Back in the olden days of paper maps, it could be disconcerting to get lost. Having a map didn’t help unless you knew your location on that map.
GPS presents a different problem. The “my location” button can tell you where you are. But then GPS tells you to “proceed to the route” without telling you which way that is. Or, there is the notable moment when it announces “you have arrived” and you are…nowhere.
We yearn for straight paths, clear directions, well-lit signs, and consistent, reliable way-finding. Well, if we want to experience authentic ministry, one of our first spiritual disciplines may have to be to lay aside those expectations.
My denominational tradition is fond of repeating that we are to do things “decently and in order.” I’m all for decency. Especially in this season of coarse civic dialogue, decency is urgently needed. But order?…in 2018, perhaps not so much. In Genesis, God ordered the chaos and creation ensued. From that, I take that order is a God-sized job. When we creatures undertake order, it can instead turn into something suffocating or fearful or exhausting. At Pentecost, God’s Spirit messed with a carefully composed and presumably tame sense of who the church of Jesus Christ was to be and what it was to do. The “messiness” was part of what propelled the church into the world.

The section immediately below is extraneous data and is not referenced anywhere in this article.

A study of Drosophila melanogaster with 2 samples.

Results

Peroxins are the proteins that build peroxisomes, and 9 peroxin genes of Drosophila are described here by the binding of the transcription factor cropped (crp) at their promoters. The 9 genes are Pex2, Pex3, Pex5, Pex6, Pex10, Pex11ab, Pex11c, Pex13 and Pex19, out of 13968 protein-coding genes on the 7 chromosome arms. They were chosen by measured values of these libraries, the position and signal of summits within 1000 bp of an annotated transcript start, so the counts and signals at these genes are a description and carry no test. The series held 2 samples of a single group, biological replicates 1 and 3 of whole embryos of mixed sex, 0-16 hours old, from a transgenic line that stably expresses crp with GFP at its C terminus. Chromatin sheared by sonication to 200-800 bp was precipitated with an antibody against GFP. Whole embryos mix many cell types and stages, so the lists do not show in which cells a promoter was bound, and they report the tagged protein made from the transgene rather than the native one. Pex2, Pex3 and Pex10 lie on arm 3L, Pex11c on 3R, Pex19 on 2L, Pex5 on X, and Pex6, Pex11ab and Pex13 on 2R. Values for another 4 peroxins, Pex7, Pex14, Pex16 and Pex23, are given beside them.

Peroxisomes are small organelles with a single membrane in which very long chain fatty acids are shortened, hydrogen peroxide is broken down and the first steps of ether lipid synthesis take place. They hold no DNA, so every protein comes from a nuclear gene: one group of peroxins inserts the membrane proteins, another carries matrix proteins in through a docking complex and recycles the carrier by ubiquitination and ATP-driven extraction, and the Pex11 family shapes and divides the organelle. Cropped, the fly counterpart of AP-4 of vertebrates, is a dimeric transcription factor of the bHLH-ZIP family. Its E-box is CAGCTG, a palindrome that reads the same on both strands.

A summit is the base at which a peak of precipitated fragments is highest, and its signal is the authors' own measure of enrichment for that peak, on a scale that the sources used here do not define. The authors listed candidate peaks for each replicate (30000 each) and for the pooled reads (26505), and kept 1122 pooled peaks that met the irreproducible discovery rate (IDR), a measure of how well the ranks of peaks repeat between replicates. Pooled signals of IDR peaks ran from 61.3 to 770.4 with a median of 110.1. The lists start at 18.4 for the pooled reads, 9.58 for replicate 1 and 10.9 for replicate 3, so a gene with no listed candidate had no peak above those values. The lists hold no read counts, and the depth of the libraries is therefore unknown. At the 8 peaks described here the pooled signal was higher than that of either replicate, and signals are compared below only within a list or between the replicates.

I think of the boards, committees and staff meetings of our congregations and of all the hours we spend to ensure no mess occurs as we engage in ministry. We do this at the expense of trying new ways of reaching people with the hope of the gospel and risking sharing the love and justice of Jesus Christ in this fractured culture…and then seeing if the mess is really as bad as we fear.
Most messes can get cleaned up where trust is present. We would do better to work diligently and faithfully on trust, and let messes get cleaned up as we go.